9-17. SEXUALLY TRANSMITTED DISEASES
Sexually transmitted diseases (STD) are infections that are transmitted through
sexual contact with persons who are already infected. They are also known as venereal
diseases (VD) and can be spread by heterosexual sex and homosexual sex. Examples
of STDs are syphilis and gonorrhea. Preventive measures are given below.
a. Use a latex prophylactic (condom) during vaginal, anal, or oral sex when
there is a possibility of acquiring an infection. A condom provides reasonably good
protection against venereal disease for both males and females since it provides
physical separation of the sex organs. There is no other practical mechanical device
b. Avoid high-risk sexual behaviors. Such behaviors include having more than
one sexual partner; changing sex partners frequently; having sex with casual partners,
prostitutes, or their clients; and sexual practices such as anal sex.
c. Control alcohol intake since it could affect your ability to use safe sex
9-18. HUMAN IMMUNODEFICIENCY VIRUS
Human immunodeficiency virus (HIV) is the virus that causes acquired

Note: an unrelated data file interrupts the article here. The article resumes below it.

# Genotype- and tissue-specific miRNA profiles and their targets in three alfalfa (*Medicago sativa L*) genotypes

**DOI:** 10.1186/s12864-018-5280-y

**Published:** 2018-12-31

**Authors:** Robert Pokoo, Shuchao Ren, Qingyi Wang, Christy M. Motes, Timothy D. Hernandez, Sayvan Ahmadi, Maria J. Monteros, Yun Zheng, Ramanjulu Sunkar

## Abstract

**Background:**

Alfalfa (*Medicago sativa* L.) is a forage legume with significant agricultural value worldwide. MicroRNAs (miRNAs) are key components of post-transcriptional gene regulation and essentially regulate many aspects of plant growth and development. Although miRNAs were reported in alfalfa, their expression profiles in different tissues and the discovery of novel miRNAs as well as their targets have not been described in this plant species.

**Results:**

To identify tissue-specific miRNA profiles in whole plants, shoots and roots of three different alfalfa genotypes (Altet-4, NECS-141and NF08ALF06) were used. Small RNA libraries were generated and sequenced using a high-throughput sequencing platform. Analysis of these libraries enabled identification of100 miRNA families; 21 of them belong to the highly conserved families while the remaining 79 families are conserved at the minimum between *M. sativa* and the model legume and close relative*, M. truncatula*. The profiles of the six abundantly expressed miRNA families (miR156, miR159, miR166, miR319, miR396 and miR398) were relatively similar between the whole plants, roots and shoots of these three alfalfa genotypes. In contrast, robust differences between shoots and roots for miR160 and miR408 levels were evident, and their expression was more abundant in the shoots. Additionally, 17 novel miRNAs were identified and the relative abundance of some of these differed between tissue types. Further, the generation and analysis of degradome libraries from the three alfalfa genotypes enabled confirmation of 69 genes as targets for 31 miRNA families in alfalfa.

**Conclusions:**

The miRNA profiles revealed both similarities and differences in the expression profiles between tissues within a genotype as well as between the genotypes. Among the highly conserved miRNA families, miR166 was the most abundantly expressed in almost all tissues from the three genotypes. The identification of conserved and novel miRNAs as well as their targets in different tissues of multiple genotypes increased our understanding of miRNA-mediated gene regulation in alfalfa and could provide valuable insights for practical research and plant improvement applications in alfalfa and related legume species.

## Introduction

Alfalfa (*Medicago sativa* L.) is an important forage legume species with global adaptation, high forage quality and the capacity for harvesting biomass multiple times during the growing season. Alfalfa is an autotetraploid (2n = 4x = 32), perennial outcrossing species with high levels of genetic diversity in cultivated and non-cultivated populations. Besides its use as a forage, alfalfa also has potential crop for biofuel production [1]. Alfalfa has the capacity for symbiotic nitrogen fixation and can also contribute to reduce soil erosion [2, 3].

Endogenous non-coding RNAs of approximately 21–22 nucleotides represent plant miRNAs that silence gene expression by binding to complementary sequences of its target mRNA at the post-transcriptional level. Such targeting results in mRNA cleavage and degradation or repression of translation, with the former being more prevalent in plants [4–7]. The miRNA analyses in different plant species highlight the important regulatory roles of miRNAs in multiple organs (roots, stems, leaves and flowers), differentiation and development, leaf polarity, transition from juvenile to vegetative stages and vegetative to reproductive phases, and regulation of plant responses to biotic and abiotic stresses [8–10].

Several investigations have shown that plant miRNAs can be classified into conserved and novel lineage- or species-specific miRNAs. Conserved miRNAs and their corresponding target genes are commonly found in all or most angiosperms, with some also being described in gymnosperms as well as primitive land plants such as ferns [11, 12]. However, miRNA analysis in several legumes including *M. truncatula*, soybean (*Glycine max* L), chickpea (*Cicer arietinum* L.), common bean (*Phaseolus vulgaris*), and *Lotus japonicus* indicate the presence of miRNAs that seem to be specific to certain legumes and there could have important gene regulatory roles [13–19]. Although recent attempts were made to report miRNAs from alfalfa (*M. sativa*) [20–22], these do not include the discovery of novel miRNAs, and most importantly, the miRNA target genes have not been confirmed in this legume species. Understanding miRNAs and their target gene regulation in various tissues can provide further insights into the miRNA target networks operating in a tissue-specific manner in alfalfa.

immunodeficiency syndrome (AIDS). Presently, there is no cure for AIDS and no
vaccine to prevent HIV infection.
a. Human immunodeficiency virus is contagious and can be spread in the same
way as STDs. Measures against STDs are also used to prevent HIV infection. HIV is
not transmitted through casual contact such as touching.
b. Human immunodeficiency virus can also be transmitted through needles or
syringes that have been used by a person infected with HIV. The virus is passed from
an infected person to another through the blood that contaminates the shared needles
or syringes. Avoid using injected, nonprescribed drugs. Avoid tattoos and body
piercing made with nonsterile needles.
9-19. TOBACCO USE
There are programs established to help soldiers become tobacco-free.
AR 600-63, Army Health Promotion and Tobacco Use, provides the policy and
guidelines. Cessation programs and materials are available from your health care
facility, local preventive medicine service, community agencies such as the American
Cancer Society, and your local public health department.